Nutley, NJ, shutdown leaves roughly equal staffs for parent company and its subsidiary.

Three years after its acquisition by Roche, Genentech is still enough of an R&D powerhouse to retain its own Genentech Research and Early Development (gRED) unit with roughly as many people as the counterpart of its corporate parent.

After the decision to shut down the Nutley, NJ, research site and eliminate 1,000 jobs last week, Roche Pharma Research and Early Development (pRED) will end up with about the same size workforce of 2,000 staffers as gRED.

The shutdown at Nutley, which once served as Roche’s U.S. headquarters, came two years after a 2010 initiative intended to cut 6% of its global workforce, some 4,800 jobs, over two years. Back then, pRED lost 600 positions, far more than gRED, among a total 1,500 jobs Roche cut in Nutley, led by the shift of the combined company’s top U.S. executives, and its sales and marketing operations, to Genentech’s home base of South San Francisco, CA.

“In essence, the merger of Roche and Genentech was about Genentech going global. At the time they probably had the upper hand and I think that hasn’t changed,” Andrew Weiss, an analyst at Swiss private bank Vontobel, told Reuters.

Since the acquisition, Roche labs have experienced several high-profile and costly failures. Most recently in May, Roche halted Phase III trials of experimental heart drug dalcetrapib, one of several new medicines in development that are designed to raise levels of beneficial cholesterol, a failure some have speculated may have been the final nail in Nutley’s coffin. Roche cited a lack of clinically meaningful efficacy, while noting in a statement that “our pipeline remains robust” with 23 positive late-stage clinical trials reporting over the previous 16 months, and a “significant” increase in new molecular entities in late-stage development.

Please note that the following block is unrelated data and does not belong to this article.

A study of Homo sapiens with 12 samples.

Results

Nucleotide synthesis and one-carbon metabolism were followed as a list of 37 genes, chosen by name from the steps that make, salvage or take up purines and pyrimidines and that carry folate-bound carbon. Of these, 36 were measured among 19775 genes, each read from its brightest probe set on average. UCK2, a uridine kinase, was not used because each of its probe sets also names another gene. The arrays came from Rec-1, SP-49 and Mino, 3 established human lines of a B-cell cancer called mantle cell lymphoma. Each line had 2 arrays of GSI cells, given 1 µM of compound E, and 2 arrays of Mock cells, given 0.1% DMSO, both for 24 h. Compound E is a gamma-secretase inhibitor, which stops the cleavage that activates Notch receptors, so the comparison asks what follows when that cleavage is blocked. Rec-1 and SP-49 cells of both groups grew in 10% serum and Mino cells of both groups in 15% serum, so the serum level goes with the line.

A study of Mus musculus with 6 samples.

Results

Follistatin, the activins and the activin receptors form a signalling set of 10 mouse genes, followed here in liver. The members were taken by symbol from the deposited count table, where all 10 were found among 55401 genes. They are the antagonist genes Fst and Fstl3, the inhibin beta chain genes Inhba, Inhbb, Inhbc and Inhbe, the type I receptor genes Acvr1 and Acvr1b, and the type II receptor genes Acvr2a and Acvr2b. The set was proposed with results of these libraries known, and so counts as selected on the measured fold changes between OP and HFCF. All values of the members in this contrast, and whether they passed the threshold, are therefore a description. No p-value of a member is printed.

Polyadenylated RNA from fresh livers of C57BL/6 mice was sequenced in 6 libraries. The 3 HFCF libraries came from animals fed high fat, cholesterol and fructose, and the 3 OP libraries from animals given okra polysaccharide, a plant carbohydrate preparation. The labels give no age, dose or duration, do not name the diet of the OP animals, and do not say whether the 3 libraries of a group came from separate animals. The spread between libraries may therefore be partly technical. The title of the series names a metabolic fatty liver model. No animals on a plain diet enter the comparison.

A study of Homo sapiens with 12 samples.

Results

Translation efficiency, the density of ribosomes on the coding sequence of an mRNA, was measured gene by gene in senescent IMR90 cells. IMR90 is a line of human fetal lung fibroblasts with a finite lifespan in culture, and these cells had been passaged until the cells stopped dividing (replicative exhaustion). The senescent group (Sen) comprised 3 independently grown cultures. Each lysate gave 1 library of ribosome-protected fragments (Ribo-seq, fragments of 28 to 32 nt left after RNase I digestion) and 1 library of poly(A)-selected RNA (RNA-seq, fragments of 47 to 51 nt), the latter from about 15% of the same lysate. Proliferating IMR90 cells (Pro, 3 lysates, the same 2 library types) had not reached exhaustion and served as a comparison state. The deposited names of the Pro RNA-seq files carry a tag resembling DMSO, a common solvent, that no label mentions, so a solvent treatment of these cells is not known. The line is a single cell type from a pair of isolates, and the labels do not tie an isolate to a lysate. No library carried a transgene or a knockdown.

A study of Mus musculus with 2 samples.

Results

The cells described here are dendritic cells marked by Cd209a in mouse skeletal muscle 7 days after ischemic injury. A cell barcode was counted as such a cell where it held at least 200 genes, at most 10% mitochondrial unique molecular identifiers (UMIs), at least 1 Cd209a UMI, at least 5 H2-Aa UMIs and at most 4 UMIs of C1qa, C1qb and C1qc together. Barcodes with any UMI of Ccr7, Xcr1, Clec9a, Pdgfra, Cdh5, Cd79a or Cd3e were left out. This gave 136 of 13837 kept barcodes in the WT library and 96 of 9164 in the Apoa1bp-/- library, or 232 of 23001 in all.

By contrast, Genentech has enjoyed one success after another through its approach of unlocking the biological pathway of a disease to find a specific target for its drugs, developing a drug before the biology is truly understood. One exception came last November, when FDA revoked its 2008 approval of Avastin (bevacizumab) with paclitaxel for the treatment of women with Her2-negative metastatic breast cancer in the U.S., after later studies showed that the drug had not been shown to be safe and effective for that use.

But since Genentech’s successes have outnumbered its setbacks, Roche has begun to adopt Genentech’s research approach by trying to understand the chain of events that cause disease.

Despite being part of the same company, pRED and gRED operate separately. “We talk to each other, but we don’t talk about science too much. We talk about life, books and movies,” Jean-Jacques Garaud, Roche’s French/American head of pRED, told Reuters last year.

Roche argues maintaining two research units gives researchers the freedom to tackle problems from different angles, though another analyst concludes that gRED has outshined pRED since the merger.

“The discovery track record of pRED over the past decade has not been exactly overwhelming, particularly in comparison to its counterpart in South San Francisco,” Fabian Wenner, head of European Healthcare Research at Kepler Capital Markets, told Reuters. “The question is whether this can be changed or whether something more fundamental needs to be done?”

Genentech executives sought the separation, citing fears the merger would hamstring their traditional focus on innovation, thus leading to a brain drain of top researchers. Seeking to reassure Genentech that it would not operate the combined company as a traditional big pharma, Roche went as far as to leave the industry group Pharmaceutical Research and Manufacturers of America in 2009, instead joining the Biotechnology Industry Organization.